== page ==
Egyptian activist Ahmed Maher, a symbol of the popular uprising that ousted Hosni Mubarak in 2011, has been released after three years in prison for breaking a law that bans unapproved protests, his lawyer said on Thursday.
Maher, a Nobel Peace Prize nominee and a founder of the April 6 movement, broke the 2013 law that is seen by activists as unconstitutional and designed to prevent a repeat of the mass protests that have toppled two presidents in five years.
The 36-year-old civil engineer now starts three years of probation and will have to stay in a police station every night between 6 p.m. and 6 a.m., his lawyer, Mohamed Gaheen, said.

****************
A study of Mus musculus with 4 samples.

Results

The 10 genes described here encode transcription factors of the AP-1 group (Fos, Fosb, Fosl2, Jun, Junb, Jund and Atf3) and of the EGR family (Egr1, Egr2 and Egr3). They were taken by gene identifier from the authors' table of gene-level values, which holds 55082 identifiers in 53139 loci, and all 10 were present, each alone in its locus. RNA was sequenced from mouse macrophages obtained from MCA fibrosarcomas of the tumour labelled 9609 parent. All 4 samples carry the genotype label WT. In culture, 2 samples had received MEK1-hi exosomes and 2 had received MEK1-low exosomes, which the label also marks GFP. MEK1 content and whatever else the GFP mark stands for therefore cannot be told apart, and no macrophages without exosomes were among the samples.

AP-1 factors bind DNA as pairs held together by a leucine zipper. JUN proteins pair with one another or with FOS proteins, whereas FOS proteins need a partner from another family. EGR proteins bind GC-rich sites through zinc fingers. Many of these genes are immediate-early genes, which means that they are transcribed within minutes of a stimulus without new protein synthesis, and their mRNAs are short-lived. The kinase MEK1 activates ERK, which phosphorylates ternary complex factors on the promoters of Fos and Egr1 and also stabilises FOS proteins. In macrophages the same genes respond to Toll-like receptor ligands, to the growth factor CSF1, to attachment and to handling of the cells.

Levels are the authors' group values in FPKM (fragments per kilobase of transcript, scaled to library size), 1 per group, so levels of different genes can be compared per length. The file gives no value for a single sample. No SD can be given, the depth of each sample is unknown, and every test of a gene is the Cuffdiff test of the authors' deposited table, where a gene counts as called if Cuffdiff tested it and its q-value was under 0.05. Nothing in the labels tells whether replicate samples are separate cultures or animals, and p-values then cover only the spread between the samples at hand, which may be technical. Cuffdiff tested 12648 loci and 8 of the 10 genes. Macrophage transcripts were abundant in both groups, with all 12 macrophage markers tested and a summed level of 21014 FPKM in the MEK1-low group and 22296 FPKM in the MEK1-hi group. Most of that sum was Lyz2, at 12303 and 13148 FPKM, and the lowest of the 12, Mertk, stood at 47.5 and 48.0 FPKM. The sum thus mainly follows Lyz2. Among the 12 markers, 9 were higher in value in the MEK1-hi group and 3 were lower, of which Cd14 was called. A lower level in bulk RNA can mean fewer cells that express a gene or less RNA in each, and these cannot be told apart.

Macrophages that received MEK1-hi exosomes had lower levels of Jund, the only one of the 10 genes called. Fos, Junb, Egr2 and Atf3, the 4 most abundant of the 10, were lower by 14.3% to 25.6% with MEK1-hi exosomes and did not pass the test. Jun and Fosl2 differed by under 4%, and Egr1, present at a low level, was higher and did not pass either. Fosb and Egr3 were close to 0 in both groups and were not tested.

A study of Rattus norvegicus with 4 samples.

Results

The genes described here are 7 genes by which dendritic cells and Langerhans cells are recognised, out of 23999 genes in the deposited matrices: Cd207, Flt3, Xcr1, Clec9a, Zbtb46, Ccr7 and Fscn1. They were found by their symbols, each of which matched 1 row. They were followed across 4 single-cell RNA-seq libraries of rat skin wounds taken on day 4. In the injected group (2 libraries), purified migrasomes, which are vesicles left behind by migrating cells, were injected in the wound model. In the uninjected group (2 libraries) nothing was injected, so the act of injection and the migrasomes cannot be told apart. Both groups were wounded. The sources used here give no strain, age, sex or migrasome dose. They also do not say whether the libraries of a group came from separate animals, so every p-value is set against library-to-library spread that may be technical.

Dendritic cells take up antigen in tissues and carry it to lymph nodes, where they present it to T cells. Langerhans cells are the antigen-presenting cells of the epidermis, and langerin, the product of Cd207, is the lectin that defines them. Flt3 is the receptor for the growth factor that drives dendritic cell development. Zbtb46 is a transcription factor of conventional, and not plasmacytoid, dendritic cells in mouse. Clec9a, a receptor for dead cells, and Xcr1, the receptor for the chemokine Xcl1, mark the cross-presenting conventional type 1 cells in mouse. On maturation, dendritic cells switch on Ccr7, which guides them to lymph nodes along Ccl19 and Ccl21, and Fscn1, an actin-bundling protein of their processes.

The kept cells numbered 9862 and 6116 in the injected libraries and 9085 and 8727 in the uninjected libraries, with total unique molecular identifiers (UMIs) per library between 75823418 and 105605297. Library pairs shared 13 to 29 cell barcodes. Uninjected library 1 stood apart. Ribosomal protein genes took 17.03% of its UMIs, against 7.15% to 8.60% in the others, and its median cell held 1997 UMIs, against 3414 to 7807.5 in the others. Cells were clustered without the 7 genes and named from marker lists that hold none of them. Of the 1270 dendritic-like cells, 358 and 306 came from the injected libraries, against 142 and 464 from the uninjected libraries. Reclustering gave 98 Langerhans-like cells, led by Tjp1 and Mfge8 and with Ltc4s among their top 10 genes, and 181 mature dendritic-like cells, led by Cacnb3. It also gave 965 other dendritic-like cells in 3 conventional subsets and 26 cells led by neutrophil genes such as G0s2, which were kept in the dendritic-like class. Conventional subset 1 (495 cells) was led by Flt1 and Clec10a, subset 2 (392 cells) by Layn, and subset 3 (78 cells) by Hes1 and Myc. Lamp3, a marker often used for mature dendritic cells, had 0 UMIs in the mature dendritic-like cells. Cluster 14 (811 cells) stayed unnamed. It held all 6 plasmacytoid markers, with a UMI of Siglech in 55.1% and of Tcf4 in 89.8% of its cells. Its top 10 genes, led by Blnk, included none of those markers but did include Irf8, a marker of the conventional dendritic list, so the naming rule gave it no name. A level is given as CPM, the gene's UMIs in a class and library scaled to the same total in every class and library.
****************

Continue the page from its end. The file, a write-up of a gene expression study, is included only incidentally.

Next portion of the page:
“The purpose of the probation period is to watch criminals after they finish their prison terms, but it has never been used before against political prisoners,” Gaheen told Reuters.
Since President Abdel Fattah al-Sisi seized power by toppling freely elected Mohamed Mursi, he has presided over a crackdown on his Islamist opponents that has seen hundreds killed and many thousands jailed.
But the dragnet has since widened to include secular and liberal activists at the forefront of the uprising that ended Mubarak's 30 years in power.
The law on protests says the Interior Ministry must be notified of any public gathering of more than 10 people at least three days in advance.
It also imposes jail sentences of up to five years for those who violate a broad list of restrictions and allows security forces to disperse illegal demonstrations with water cannon, tear gas and birdshot.